Root Canals

Most people have had a cavity treated at some point in their life; in some cases decay spreads to the inner pulp of a tooth, causing severe damage and infections throughout the tissue inside of the tooth and the nearby gum tissue. A relatively common procedure called a root canal is often necessary when a tooth becomes infected as a means to save it from extraction.

How Do Root Canals Work?

When a tooth is severely decayed, the inside of it is often severely damaged which makes the tooth weak. The first step of a root canal is to remove the crown of the affected tooth to allow the dentist to work on the inner area. Next, the decayed tissue is removed along with the inner pulp and the infected nerve. The inner area of the hollow tooth is then cleaned to remove bacteria and to create a good bonding surface for a composite material. Your dentist will then add a temporary filling and crown to the hollow tooth to allow time to see if the infected tissue has been removed entirely. Finally, the temporary crown and filling are replaced with permanent materials which will ensure a strong tooth that will last for decades.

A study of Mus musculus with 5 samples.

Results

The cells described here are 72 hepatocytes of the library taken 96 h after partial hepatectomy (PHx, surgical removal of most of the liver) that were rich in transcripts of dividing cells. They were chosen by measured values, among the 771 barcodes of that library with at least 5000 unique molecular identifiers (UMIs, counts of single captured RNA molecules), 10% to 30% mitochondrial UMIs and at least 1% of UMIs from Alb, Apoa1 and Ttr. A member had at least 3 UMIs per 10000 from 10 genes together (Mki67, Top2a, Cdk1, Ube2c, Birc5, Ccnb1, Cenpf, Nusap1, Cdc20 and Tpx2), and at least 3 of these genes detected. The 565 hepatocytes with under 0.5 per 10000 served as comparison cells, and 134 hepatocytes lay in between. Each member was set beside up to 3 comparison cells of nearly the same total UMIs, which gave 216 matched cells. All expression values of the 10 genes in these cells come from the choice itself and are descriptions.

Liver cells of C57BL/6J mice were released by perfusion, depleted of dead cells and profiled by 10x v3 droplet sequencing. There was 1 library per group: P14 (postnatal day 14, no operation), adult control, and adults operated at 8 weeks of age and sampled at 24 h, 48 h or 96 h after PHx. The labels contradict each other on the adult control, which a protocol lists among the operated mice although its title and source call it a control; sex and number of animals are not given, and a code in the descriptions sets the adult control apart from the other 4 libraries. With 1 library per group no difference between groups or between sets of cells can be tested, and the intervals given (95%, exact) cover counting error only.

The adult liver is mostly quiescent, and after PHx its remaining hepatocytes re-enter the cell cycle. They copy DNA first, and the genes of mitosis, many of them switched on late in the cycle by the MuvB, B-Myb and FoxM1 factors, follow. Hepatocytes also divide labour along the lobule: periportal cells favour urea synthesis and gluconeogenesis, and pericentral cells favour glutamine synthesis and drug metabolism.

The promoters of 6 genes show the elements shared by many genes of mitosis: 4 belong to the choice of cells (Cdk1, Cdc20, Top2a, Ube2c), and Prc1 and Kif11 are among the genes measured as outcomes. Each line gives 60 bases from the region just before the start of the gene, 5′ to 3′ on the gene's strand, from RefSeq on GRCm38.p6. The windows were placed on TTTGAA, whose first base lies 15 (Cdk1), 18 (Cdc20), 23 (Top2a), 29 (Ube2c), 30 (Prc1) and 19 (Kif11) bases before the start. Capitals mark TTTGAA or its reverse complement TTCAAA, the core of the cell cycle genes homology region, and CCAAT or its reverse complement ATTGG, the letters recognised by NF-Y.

Many people find the thought of receiving root canals to be terrifying because of concerns regarding pain. Root canals are entirely painless because your dentist will administer an appropriate anesthesia to keep you comfortable during the procedure.

It is important to practice proper oral hygiene by brushing and flossing your teeth regularly to help you avoid moderate to severe tooth decay. Remember to schedule routine visits with Smile Today for checkups to help find tooth decay in its earliest stages.